By Daniel H. Rasolt
Posted: Thursday, November 06, 2008
(Defeat Diabetes® News) -- There is significant variance in expected lifespans for individuals diagnosed with Alzheimer's disease, but two fairly clear trends have recently been found. Those diagnosed with Alzheimer's that have either diabetes or high blood pressure live less than half as long as those without, making proper maintenance of these conditions potentially very important for Alzheimer's treatments.
A long-term study was conducted on 323 elderly individuals with no history of dementia (a term describing memory loss conditions, including Alzheimer's disease). Over the following years, with medical examinations performed every 18 months, Alzheimer's and other forms of dementia developed in certain patients, many of whom had other medical conditions, such as diabetes.
While the study investigated numerous factors that might contribute to mortality in Alzheimer's patients, such as race and other medical conditions, high blood pressure and diabetes stood out in conjunction with faster mortality rates in Alzheimer's patients. Diabetic Alzheimer's patients were seen to be "twice as likely to die sooner" than those Alzheimer's patients without diabetes. This number rose to 2.5 times as likely for patients with both high blood pressure and Alzheimer's disease.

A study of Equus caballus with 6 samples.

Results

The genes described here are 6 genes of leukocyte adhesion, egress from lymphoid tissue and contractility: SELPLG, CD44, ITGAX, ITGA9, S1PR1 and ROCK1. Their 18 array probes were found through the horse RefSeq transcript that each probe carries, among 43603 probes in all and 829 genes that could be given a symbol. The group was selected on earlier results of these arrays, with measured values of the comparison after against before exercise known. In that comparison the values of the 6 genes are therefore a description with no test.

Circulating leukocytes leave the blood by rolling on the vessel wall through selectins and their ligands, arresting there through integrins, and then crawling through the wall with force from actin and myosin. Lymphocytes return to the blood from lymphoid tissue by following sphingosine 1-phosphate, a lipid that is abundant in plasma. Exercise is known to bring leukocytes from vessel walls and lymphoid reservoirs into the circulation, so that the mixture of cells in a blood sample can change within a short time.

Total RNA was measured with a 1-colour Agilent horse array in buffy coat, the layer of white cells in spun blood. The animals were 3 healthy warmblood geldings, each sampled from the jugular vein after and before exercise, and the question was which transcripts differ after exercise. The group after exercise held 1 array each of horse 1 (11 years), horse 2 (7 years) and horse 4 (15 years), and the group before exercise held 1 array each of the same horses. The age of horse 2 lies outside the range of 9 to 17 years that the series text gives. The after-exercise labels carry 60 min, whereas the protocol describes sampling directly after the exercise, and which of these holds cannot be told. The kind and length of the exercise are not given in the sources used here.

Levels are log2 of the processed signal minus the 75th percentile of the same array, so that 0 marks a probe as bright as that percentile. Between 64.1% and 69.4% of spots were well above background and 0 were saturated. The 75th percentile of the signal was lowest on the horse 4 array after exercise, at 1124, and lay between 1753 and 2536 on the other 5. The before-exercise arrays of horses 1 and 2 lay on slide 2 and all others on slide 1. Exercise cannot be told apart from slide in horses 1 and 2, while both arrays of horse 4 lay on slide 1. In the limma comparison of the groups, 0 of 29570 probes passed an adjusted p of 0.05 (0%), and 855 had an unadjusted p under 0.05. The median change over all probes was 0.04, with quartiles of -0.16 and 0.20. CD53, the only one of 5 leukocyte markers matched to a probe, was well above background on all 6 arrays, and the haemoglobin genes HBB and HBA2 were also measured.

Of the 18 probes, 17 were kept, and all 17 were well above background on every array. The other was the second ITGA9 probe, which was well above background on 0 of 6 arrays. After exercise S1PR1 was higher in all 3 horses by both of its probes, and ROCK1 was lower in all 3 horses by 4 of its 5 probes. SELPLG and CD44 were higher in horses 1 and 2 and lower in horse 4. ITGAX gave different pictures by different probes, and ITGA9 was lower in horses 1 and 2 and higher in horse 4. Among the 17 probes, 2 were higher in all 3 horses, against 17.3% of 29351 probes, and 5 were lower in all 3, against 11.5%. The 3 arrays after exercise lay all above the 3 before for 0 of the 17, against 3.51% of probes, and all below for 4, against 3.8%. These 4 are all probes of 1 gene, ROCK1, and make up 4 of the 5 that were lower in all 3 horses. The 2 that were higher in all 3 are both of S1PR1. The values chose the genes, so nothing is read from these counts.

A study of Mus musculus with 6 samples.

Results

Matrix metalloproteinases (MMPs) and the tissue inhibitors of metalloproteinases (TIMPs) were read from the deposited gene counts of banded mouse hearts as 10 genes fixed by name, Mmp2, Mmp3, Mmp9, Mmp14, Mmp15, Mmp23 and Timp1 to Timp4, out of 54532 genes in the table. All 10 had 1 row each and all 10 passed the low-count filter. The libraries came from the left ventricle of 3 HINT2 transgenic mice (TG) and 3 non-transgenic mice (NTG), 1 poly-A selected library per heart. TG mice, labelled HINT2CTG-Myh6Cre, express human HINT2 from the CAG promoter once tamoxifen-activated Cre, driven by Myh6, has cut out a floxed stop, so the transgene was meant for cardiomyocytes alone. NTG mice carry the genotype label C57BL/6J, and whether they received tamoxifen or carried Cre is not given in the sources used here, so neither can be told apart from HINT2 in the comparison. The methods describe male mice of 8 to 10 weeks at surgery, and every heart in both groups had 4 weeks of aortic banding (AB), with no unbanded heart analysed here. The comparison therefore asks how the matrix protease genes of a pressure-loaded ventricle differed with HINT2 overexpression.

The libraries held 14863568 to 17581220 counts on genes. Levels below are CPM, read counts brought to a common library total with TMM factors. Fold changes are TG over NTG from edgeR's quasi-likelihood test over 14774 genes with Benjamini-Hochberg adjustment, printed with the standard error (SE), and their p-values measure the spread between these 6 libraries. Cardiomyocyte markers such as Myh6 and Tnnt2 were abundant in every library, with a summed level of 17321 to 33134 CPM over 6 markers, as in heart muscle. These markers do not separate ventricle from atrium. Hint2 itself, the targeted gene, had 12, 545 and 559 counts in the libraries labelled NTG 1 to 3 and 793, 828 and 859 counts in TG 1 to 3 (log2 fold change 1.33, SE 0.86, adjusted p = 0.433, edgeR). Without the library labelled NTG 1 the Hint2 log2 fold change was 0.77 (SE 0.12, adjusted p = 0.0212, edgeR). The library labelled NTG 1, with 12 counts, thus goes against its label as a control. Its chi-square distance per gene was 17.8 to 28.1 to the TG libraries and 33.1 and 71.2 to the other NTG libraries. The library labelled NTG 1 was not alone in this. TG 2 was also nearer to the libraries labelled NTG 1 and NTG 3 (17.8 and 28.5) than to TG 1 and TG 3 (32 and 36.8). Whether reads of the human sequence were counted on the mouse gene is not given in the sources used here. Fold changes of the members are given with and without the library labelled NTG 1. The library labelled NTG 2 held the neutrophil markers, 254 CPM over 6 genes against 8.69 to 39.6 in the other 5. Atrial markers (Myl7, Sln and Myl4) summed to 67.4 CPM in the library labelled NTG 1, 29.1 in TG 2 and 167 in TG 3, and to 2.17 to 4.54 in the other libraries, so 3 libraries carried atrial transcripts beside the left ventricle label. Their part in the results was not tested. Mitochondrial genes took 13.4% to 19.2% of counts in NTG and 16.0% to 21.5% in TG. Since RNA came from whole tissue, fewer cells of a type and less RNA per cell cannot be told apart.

The study is not conclusive, but gives a strong basis for taking especially close care of both diabetes and high blood pressure in Alzheimer's patients. As study author Yaakov Stern clearly puts it, "studies show that the average lifespan of a person diagnosed with Alzheimer's can be anywhere from three to nine years. For that person and their caregiver, every minute counts. Here we have two controllable factors that may drastically affect how long that person can survive."
Source: Defeat Diabetes Foundation: Stern, Yaakov. Seroka, Rachel. Neurology news release. November 2008.
Daniel H. Rasolt writes for Defeat Diabetes® News. Read more of his original content articles.